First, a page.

After a failed attempt to introduce their new hard compound tyres at Silvertsone, Pirelli will be providing them in Germany.
The tyre manufacturer had hoped that the new hard tyres would get a run during free practice in the build-up to the British GP, but rain thwarted their plans. As such, the hard compound tyres will feature during Friday's practice at Hockenheim.
"The new hard tyre is not a big evolution, but it has a slightly wider working range, which should make it easier for the teams to get the tyres up to temperature and maintain them in the correct operating window," explained Pirelli motorsport director Paul Hembery.
"We're running them in Friday free practice only as, with the championship so finely balanced, we feel that it would be unfair to suddenly alter one of the fundamental parameters that the teams have made a lot of effort to understand and get the most out of. But we enjoy a very productive dialogue with them, and we will always take into account the wishes of the majority. It's certainly going to be interesting hearing what they have to say about the new tyre, and seeing if their impressions match up to the conclusions that we have drawn from our private testing."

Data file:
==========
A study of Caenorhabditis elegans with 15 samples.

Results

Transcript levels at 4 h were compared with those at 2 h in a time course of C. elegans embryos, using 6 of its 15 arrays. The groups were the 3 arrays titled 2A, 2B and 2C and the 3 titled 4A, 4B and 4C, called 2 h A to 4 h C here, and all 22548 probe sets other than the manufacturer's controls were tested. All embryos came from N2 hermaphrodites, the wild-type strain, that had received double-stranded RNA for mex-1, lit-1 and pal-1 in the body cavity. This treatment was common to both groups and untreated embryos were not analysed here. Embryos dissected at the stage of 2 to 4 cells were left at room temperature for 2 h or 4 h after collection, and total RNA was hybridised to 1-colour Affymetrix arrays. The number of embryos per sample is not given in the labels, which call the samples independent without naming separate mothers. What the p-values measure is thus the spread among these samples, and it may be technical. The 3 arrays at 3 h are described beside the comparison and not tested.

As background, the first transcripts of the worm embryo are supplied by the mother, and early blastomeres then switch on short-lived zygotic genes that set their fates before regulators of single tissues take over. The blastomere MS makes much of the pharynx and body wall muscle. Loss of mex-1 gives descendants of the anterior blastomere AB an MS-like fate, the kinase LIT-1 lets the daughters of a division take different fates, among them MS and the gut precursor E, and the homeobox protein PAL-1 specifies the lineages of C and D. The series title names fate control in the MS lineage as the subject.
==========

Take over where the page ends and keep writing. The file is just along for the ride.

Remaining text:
Each team will have two sets of the tyres available in addition to their normal allocation of elev sets. The soft and medium tyre compounds have already been nominated for Germany.
Hockenheim is one of only three tracks that Pirelli has not yet had an F1 run at prior to the start of the season, with the circuit not on the calender last year as it alternates with the Nürburgring.
While they may not have any miles under their belt at Hockenheim, Hembery insists they are well prepared for their second German GP.
"Coming to a circuit that is new to us always holds a different challenge, as we don't have any of our own previous data to compare it with," he explained.
"But the progress that has been made with simulation is incredible - these days you can learn so much about how a tyre will behave on a circuit without even going there. These advanced modelling techniques illustrate just one example of how our F1 involvement can help to improve our everyday road car product."